At the dawn of the Internet age the domain registry and registrar were one and the same. The registry managed the domain space and also sold domains as a registrar to anyone that wanted one. It’s a practice that disappeared in 1998 with the creation of ICANN and the break-up of the integrated Network Solutions Registry/Registrar.
While domain registrars and registries have now been separated for a decade, with a new generation of Top Level Domains (TLDs) soon to be approved, integrated registries may soon return. Opponents of the integrated registry registrar argue that they restrict competition, while advocates argue that it will increase competition.
“Network Solutions is supportive of the current ICANN requirements for existing TLDs which requires that registrars and registries maintain their legal separation,” Jon Nevett, senior vice president of Policy & Ethics for Network Solutions told InternetNews.com. “With respect to new TLDs, Network Solutions has advocated a middle-ground” position between those who argue that registrars may not sell new TLDs of affiliated registries and those who argue that the separation requirement be eliminated altogether.”
In Network Solutions middle-ground position, registrars would be permitted to sell new TLDs of affiliated registries up to a certain amount of perhaps up to 100,000. Nevett added that once the allocated number of names has been registered, the affiliated registrar would not be able to accept new registrations.
“This proposal would generate more competition by allowing smaller registries to get distribution through an affiliated registrar and would maintain certain safeguards,” Nevett said.
Opponents of the integrated registry/registrar approach include domain infrastructure vendor Afilias. Afilias does the technical management for multiple domains including .org, .info and .mobi. While Afilias could financially benefit from being both the registry and the registrar for a TLD, Brian Cute, VP Discovery Services at Afilias told InternetNews.com, the company is not in favor of such a setup.
From Afilias’ point of view, enabling a registry to act as a registrar and then sell their own domains is the equivalent of selling direct to the public. The current system doesn’t allow for that and enforces a separation between the registry and registrars.
An argument against registry/registrar
According to Cute, there were solid reasons back in 1998 why ICANN divided up the Network Solutions monopoly and in his view the same reasons exist today.
“The registry gets access to a lot of data about domain names, who is looking them up, traffic and other unique and commercially sensitive data that a registrar could use to its advantage,” Cute said. “So ICANN originally figured they should prohibit the registry to selling its own TLD because if it did it could discriminate against other registrars and use that data to identify high value domains and raise prices, and that’s not the competitive effect that ICANN was looking for.”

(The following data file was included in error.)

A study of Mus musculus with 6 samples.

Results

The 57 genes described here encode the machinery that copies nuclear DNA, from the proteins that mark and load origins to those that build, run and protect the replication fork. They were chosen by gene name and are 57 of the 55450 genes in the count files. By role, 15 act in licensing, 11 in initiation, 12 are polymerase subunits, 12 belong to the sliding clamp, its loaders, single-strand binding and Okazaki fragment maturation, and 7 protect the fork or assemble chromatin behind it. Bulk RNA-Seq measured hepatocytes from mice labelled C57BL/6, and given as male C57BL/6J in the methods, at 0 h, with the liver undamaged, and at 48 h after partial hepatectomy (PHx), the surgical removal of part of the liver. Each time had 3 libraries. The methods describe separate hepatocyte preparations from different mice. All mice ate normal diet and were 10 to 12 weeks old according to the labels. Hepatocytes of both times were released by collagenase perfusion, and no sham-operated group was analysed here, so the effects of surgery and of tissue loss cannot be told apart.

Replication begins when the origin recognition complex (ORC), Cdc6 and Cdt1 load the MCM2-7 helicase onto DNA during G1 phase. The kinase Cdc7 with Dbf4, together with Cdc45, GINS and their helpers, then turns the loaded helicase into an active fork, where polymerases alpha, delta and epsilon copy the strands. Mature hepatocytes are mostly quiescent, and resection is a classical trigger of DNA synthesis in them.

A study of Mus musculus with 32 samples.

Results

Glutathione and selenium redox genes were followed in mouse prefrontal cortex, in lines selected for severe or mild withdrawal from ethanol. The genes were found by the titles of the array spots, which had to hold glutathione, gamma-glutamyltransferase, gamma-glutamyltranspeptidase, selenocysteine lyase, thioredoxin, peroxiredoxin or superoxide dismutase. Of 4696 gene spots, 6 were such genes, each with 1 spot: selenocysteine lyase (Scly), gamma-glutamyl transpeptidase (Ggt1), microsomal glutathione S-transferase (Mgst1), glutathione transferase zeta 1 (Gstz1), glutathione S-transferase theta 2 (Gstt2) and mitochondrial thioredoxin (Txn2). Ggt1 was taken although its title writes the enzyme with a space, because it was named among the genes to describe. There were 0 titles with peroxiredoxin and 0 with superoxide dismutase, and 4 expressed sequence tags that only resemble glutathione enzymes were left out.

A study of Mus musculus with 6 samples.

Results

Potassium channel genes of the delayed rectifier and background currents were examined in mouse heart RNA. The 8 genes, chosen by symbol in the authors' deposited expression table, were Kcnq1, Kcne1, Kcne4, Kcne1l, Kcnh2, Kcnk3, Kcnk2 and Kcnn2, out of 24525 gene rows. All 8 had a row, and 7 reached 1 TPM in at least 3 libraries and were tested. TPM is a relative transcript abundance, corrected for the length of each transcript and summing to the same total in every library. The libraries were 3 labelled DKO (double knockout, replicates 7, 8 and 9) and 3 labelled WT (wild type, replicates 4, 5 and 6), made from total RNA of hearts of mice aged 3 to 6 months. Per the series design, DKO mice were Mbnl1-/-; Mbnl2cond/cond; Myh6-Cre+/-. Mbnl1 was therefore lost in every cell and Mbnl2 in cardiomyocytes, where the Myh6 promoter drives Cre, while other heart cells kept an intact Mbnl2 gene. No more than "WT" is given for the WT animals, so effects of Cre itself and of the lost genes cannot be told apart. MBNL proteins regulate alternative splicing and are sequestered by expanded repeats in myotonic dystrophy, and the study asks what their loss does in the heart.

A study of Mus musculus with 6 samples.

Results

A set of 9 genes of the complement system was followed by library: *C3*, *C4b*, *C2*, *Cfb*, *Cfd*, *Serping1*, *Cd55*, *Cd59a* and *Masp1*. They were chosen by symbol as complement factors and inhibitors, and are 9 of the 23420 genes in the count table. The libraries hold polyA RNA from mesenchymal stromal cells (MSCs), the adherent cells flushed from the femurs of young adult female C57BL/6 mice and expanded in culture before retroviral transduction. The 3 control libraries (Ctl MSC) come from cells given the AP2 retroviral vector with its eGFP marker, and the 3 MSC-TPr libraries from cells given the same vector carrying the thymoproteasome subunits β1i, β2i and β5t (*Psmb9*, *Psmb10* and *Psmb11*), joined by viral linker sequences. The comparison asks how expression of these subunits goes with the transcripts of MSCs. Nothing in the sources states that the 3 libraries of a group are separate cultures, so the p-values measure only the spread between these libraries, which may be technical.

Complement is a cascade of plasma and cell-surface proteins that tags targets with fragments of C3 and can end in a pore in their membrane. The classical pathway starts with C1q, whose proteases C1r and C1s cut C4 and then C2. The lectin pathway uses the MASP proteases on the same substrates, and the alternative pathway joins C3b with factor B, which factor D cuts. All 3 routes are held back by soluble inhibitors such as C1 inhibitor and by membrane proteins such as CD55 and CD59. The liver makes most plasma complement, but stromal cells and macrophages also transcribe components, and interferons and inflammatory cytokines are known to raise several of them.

An ICANN spokesperson was not available for comment by press time.
For its part, Network Solutions doesn’t see the same issues about changing cross ownership rules increasing bad acts by registries.
“While that may be a concern, recent history does not prove the concern,” Nevett said. “For example, Hostway Corporation operates the .PRO registry and also operates a leading .PRO registrar. Even with these affiliations, there have never been any allegations of domain tasting, front running, or other improper conduct.
“Similar situations exist for .CAT, .MUSEUM, .COOP, and .ME. Certainly, if abusive practices were to occur, this would be an issue for ICANN to address from a compliance standpoint.”
ICANN is currently scheduled to provide an update on its next round of TLDs at its meeting in Seoul, Korea at the end of October. The meeting will be the first major ICANN event since the new Affirmation deal with the US government that has ICANN operating without direct US oversight.
For opponents of the integrated registrar registries the meeting will be key to get their point across. At the core, they argue it’s about maintaining the checks and balances that have helped the Internet for the last ten years.
“What we’re saying is that by taking away a long standing policy of separation and allowing a vertically integrated registrar to sell domains, what you are doing is you are removing the checks and balances that have been in place to mitigate and minimize the abuses that already take place,” Alexa Raad CEO of the .org registry told InternetNews.com.
“Without the checks and balances it will be hard to discern the abuse because you don’t have anything to check the data against.”